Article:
One year after Veterans Affairs officials announced they would take steps to provide gender confirmation surgeries for transgender veterans, no procedures have been completed and none are likely to be scheduled for months to come.

Department officials said they are still going through the rulemaking process, with no stated schedule for its end. VA does not currently provide any gender confirmation surgery options for veterans.

The long timeline following the high-profile announcement of the news last summer — during Pride month — has left some veterans advocates frustrated and worried that the promise may not even be fulfilled.

“The clock is ticking,” said Lindsay Church, executive director of Minority Veterans of America.

“I understand the reasons behind the delay and the desire to make sure it is implemented fully, so it can’t just be overturned by a later administration. But they haven’t even gotten to public comment yet. A half measure on this isn’t going to be enough.”

Last June, VA Secretary Denis McDonough said the impetus for VA to offer gender confirmation surgeries was “not only because they are the right thing to do, but because they can save lives.”

He also warned that allowing VA to carry out and pay for the surgeries would require changing department regulations “which will take time.”

The announcement drew praise from Democratic leaders as a sign of increased outreach and inclusion for all veterans. VA officials have estimated that around 4,000 veterans nationwide may be interested in the surgeries.

But the news also drew condemnation from several Republican lawmakers, who said VA leaders were reacting to pressure to be politically correct instead of responding to the actual needs of the veteran community.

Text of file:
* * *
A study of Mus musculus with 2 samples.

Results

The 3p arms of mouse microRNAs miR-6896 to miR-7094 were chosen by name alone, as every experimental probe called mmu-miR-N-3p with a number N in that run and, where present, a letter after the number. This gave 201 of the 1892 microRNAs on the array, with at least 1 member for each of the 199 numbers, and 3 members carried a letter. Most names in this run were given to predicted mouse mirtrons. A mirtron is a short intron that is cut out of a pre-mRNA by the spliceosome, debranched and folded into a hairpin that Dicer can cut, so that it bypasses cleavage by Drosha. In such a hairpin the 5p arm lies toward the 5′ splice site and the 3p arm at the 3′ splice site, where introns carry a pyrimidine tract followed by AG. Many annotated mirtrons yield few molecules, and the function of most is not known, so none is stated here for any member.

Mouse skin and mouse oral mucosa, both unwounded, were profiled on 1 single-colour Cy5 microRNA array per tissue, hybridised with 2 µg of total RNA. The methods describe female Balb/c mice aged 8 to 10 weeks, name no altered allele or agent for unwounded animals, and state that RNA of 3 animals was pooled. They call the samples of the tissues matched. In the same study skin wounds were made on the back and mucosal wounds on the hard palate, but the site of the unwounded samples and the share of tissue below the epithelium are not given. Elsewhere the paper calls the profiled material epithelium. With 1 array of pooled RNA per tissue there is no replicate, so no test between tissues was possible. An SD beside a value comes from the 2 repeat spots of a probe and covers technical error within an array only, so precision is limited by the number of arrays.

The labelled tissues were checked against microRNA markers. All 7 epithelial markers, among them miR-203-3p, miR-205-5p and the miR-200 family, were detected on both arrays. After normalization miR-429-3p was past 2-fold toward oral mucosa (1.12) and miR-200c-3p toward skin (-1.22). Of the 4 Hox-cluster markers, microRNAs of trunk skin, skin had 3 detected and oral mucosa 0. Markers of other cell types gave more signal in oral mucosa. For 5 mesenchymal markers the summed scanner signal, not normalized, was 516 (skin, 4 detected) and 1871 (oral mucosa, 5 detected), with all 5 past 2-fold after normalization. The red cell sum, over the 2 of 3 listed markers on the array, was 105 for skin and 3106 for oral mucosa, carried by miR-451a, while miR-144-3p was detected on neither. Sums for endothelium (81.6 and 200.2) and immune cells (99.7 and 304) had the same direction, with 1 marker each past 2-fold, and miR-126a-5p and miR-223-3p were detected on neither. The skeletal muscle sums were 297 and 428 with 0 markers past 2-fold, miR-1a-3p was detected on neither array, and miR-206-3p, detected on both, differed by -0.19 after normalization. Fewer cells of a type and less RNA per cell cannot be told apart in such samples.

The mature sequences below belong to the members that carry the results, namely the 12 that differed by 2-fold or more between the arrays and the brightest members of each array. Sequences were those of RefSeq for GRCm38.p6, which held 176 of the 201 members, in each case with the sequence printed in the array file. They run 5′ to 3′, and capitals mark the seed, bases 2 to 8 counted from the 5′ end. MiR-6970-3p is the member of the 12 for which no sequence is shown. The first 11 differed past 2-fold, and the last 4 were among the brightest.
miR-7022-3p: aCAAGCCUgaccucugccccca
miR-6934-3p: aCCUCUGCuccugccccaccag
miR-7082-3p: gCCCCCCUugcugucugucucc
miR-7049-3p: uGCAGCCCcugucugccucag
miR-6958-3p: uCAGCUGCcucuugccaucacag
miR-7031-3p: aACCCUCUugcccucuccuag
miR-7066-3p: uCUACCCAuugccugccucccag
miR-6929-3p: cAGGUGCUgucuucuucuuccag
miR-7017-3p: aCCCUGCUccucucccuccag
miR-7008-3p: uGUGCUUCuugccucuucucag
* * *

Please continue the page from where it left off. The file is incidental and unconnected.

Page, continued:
Officials have not released an estimate for what the new procedures will cost.

House Veterans’ Affairs Committee Chairman Mark Takano, D-Calif. — who publicly hailed the announcement last year — said in a statement that he is hopeful the new regulations surrounding the issue can be worked out in coming months.

“VA has been making progress, working behind the scenes to contract with preferred providers and continuing to draft the proposed rule and prepare for a public comment period,” he said.

“As we celebrate Pride month, I hope that VA will begin providing coordinated care to our nation’s transgender veterans by year’s end, so that veterans in need of gender confirmation surgery are not forced to seek lifesaving healthcare outside of the VA health system or navigate prolonged processes to get the care they need.”

Church was more pessimistic.

“It’s starting to feel like it’s never going to move ahead,” Church said. “How long are we going to have to wait for progress?”

Leo covers Congress, Veterans Affairs and the White House for Military Times. He has covered Washington, D.C. since 2004, focusing on military personnel and veterans policies. His work has earned numerous honors, including a 2009 Polk award, a 2010 National Headliner Award, the IAVA Leadership in Journalism award and the VFW News Media award.